From Hennessy (this is a followup on our entry from a couple months back, Images of Destruction, which you can read here):
The images taken of damaged houses on lower Caroline Street in 1864 have become well-known because one of them, below, has been published repeatedly. Indeed, it is the prototypical portrayal of damage to private homes in Fredericksburg during the war. (We’ll call this #1)
It serves well as a signature image, but it also reveals some interesting details that prior to the age of digital scanning have been overlooked. Moreover, this image is just one of four taken on the same day in the same place, and collectively they reveal the ordeal of a Fredericksburg neighborhood–today one of the most fashionable streets anywhere in America.
Before we get to the details, here are two of the other three images taken that day (the fourth we will leave to John Cummings to talk about in his upcoming book on photography in the Fredericksburg area during and after the war). This image shows three buildings, 130-138 Caroline–two duplexes and a single family home. You can see right away why it’s rarely reproduced; May foliage obscures much of the detail in the image. (for discussion purposes, this is #2)
And finally, an imaged focused solely on the single-family home in the view, 130 Caroline. (#3)
The five residences captured in these images were all just nine years old in 1864 (all built in 1855), and in 1860 were home to 21 people, including three slaves. Of them all, perhaps 136-138 Caroline (the duplex on the right in image #2) is the most interesting. On one side lived Noah Fairbank, for decades a captain of a steamer running between Fredericksburg and Baltimore. On the other apparently lived William Burke (the owner of the building, who in the 1860 census is listed in sequence here with the other residents on the street). Burke had been in the 1850s a photographer–the owner of a daguerreotype studio in town. But by 1860 he was superintendent of the poor house (which stood several hundred yards away, near the brickyards beyond Charles Street). According to the 1860 census, he lived with seven people categorized as “paupers,” including a free black woman named Elizabeth Marshall, who at 95 was likely the oldest person in Fredericksburg.
Each of these units was worth about $1,500. It’s worthwhile noting that a young male slave with a skill would have sold for about the same amount; on the eve of the Civil War a slave cost the same as a house in Fredericksburg.
Now to the images. What can we see…what can we conclude? And what do these places look like today?
A few things to notice. The images provide a terrific look at one of Fredericksburg’s dirt streets. Look too at the fencing in front of the buildings–much of it torn away, but clearly once uniform and attractive (worthy of the approbation of even a modern homeowner’s association). But most interestingly, look at the stairs. Of the five front doors, only two still have stairs leading to them, and those two are badly askew. Where shutters remain, they are mostly closed (yes, there was a day when shutters were more than immovable ornaments), likely the work of residents before they left, presumably (and hopefully) prior to the battle.
In the 18 months since the damage to these buildings occurred, there has been almost no effort to make repairs–suggestive that the owners had abandoned their homes at the prospect of battle and likely had not returned. The only evidence of repair: someone has nailed what appears to be a piece of siding across the shutters on the first-floor window of 134, ostensibly to help keep them closed. This was the home of tailor James Walker, his wife Jane, and five children ages 2-11. Did he do it? Or did a soldier improvise a simple solution to a shutter banging in the night?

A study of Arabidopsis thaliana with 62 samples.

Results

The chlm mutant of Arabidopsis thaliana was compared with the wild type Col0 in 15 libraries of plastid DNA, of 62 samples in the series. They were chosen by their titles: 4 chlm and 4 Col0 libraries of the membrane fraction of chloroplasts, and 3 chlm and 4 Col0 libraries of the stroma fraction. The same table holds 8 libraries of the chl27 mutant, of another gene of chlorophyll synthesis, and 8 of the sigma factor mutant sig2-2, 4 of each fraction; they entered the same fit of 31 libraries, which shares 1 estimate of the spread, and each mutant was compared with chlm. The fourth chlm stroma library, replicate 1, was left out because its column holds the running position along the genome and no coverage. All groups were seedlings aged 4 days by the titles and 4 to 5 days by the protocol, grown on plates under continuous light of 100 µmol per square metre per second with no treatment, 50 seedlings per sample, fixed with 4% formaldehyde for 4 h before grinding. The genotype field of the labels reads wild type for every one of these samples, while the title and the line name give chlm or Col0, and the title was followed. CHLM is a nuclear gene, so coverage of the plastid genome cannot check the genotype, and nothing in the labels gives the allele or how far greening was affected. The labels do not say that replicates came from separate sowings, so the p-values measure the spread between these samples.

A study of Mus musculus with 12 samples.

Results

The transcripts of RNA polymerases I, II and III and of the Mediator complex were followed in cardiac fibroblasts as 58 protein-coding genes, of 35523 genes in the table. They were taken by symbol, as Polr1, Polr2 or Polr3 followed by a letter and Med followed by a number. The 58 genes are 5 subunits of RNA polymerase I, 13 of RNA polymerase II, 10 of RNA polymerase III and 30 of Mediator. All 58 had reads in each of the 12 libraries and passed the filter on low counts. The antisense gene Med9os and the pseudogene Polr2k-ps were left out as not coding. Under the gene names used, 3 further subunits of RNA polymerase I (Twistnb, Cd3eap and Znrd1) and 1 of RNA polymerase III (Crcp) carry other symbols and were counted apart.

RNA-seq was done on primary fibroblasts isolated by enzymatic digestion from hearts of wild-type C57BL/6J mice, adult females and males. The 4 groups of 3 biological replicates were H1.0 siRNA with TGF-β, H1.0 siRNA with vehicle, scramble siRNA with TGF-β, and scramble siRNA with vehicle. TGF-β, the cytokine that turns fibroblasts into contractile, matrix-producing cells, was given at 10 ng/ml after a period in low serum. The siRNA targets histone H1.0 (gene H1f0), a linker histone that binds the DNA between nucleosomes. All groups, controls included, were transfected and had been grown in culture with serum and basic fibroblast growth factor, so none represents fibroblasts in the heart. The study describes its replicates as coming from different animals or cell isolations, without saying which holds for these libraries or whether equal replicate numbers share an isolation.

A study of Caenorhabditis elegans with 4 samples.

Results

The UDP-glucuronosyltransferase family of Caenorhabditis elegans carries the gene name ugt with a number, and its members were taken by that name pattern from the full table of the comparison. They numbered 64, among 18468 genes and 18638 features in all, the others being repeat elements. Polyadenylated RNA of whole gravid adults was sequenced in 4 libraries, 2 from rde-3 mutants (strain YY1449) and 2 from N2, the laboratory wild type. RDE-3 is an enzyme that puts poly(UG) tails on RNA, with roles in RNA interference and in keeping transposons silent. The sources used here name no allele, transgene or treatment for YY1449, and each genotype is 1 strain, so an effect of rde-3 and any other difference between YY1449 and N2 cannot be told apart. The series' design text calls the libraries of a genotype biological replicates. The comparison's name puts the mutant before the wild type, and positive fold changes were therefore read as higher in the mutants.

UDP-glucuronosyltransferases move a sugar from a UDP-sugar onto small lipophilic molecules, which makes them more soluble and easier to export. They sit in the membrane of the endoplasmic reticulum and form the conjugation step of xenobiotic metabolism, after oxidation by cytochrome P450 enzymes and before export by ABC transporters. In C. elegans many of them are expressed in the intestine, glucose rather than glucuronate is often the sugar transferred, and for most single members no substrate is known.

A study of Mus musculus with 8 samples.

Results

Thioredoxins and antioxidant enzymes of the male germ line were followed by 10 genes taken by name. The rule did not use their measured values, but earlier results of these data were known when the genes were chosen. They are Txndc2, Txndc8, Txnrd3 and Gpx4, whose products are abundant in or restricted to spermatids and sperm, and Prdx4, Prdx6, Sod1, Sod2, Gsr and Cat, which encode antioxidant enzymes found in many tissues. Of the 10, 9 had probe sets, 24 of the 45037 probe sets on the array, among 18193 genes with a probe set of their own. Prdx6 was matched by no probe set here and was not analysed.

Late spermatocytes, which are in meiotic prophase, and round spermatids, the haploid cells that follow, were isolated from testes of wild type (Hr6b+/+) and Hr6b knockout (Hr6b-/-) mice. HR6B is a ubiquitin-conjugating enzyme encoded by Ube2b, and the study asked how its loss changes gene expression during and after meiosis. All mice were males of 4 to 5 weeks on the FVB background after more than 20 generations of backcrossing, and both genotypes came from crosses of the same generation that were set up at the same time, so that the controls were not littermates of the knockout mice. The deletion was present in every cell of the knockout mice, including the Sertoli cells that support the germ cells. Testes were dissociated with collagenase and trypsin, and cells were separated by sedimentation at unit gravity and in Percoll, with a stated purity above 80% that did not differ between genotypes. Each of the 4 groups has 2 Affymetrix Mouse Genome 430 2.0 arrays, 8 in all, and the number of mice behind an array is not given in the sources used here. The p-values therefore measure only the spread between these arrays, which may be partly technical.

Something I never noticed before. In image #1, look above the entrance to 132, on the left. There are people in the window, apparently posing for the camera.
The person on the left appears to be a woman. A relief worker? Mary Seib, the resident of the home in 1860? Are the two men soldiers? Certainly we know that Union soldiers spent a good deal of time in these houses. Three of them still bear the graffiti they left behind.
But of course most striking about these images is the damage from the 1862 bombardment and battle. Unlike most of the buildings caught in the images of the upper pontoon crossing discussed a couple months back, these buildings have not been systematically dismantled by Confederate soldiers for fuel and building materials. They show in stark, unaltered form the damage that must have been typical of most buildings in Fredericksburg on the streets nearest to the river just after the battle in December 1862. A quick look at 130 Caroline reveals at least 14 areas of significant damage–ostensibly by shells.
Virtually every visible window in all three buildings is broken–and apparently not systematically. The duplex at 132-134 (image #1) bears vivid damage from battle, including at least seven holes that might be presumed to be from intact artillery shells.
Most of the damage to these buildings, while dramatic, was also superficial. By the fall of 1865, Mary Seib was back in her place at 132 (the left part of the duplex, above), as was the Walker family next door and the Andersons, who lived in the freestanding structure at 130. Here are those buildings today.
In Fredericksburg, little visible evidence of exterior battle damage remains, though many houses still bear interior damage. Indeed, two houses just up the street from these bear visible damage inside and out–both of it, interestingly, caused by Confederate shells. We hope to make it a project in the coming months and years to document all of the remnant battle damage in town. If you know of any, let us know.